Eggs are one of nature’s best sources of protein and natural nutrients. Versatile, delicious and affordable, eggs can be enjoyed in a number of ways, and are a great way to up the nutrition content of a meal.
Egg whites have made their way onto many a breakfast menu in the form of an egg-white omelette or (for a slightly more unhealthy option) onto our dessert menus in the form of light, crispy meringues. Yum. If you're looking to consume a whole-food source of protein with few calories, it's pretty hard to beat egg whites.
Whole eggs, on the other hand, contain a considerable range of nutrients that come with the egg yolks, including antioxidant properties, vitamins and amino acids. Whether you eat your whole eggs boiled, poached, scrambled or baked, this food staple contains very few calories, but plenty of benefits.
But, which is better? Innermost investigates. Without further ado, let's put the egg yolk vs egg whites information to the test.
Are eggs nutritious?
The short answer? Yes.
The question is, however, how nutritious? And, which part of the egg is better for you? We dive into the ins-and-outs below to find your winner and answer the age old debate once and for all.
How many calories are in egg whites and egg yolks?
Whilst eggs are considered a pretty healthy snack, the amount of calories that you consume depends entirely on the size and prep of the egg - aka, are you tucking into a classic scrambled eggs on toast kind of meal, or adding a couple of boiled eggs to your salad?
If we are considering the number of calories in your average egg, overall, there are around 60-80, depending on the size. Egg whites have next to no calories, whereas an average egg yolk contains around 50 of those.
We have a clear winner here. Next up, protein levels...
How much protein are in egg whites and egg yolks?
You may be surprised: half of all protein found in an egg is actually found in the egg whites. To put this into context, in one average sized egg, you would consume around 6g of protein. Around 3g of that is found in the egg whites themselves. These egg whites, sometimes referred to by the "Albumen", is formed as a protective barrier around the egg yolk - whether this yolk is fertilised or not.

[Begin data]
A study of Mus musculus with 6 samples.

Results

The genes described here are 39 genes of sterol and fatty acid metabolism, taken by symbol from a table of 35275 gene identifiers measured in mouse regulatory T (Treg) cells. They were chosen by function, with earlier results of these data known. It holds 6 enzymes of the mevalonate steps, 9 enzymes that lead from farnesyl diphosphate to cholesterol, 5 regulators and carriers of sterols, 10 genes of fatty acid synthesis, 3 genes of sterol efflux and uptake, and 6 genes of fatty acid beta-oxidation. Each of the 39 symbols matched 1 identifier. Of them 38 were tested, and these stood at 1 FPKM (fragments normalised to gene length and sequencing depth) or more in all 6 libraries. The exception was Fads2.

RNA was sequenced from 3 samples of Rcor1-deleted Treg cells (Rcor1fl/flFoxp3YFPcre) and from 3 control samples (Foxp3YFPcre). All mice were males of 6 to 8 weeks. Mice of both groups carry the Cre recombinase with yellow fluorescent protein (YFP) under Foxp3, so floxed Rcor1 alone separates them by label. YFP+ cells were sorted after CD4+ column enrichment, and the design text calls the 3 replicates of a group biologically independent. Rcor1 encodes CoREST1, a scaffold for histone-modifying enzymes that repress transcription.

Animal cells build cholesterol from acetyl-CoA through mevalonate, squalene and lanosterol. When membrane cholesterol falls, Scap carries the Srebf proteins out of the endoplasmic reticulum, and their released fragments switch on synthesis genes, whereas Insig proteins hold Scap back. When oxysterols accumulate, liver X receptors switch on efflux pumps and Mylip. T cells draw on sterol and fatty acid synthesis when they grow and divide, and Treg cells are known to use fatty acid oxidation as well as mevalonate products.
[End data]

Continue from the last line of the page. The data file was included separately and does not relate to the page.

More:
What about protein absorption?
Whole eggs are still a very low-calorie food, despite the fact that they contain more calories from fat than they do from protein. Remember, dietary fats slow protein absorption, allowing it to stay with you for longer.
Whole eggs also have a better amino acid profile to support lean muscle growth. So, if your goal is to get protein quickly into your system, egg whites may be the better option, but at all other times of day, whole eggs are the way to go.
Next time, think twice before you throw away the yolk. Enjoy them instead and your body will thank you for it.
What nutrients are found in egg whites and egg yolks?
In further support of the goodness of the egg yolk, almost all of the nutrients in an egg are found in the yolk - containing vitamins and minerals such:
What are the levels of cholesterol found in egg whites and egg yolks?
Similarly to the calorie profile of the egg, it is the humble egg white that comes out on top. Egg yolks contain a far greater cholesterol level.
As egg yolks also contain all the cholesterol of the overall egg, it was thought that cutting them out would be a good thing. But, this seems to have been the wrong thing to do based on recent research, which shows that people who ate three eggs per day for 12 weeks showed no significant increase in their bad cholesterol.
Our bodies produce cholesterol naturally as it’s essential for our cells. When we eat cholesterol, our bodies adjust and produce less to balance out our intake. So, unless you have familial hypercholesterolemia, which is a very rare condition, throwing away the egg yolk in an attempt to reduce our cholesterol levels isn’t the right thing to do.
So, are egg whites healthy? Yes. Are egg yolks healthy? Also yes. Whilst egg whites contain less calories, egg yolks carry a huge wealth of nutrients, so please don't avoid them! The truth is, eggs are pretty much one of the healthiest foods you can eat, so incorporate them where you can! Salads, pastas, breakfasts - you name it, we're sure you can incorporate it.
If you're not a fan of eggs but want to harbour some of these benefits, why not try incorporating The Lean Protein into your daily routine? Packed with energy-boosting benefits and natural flavours, this whey protein is the perfect on-the-go protein source and a great alternative.
- Bilsborough, S., & Mann, N. (2006). A review of issues of dietary protein intake in humans. International journal of sport nutrition and exercise metabolism, 16(2), 129-152. Click here.
- Fenton, M., & Sim, J. S. (1991). Determination of egg yolk cholesterol content by on-column capillary gas chromatography. Journal of Chromatography A, 540, 323-329. Click here.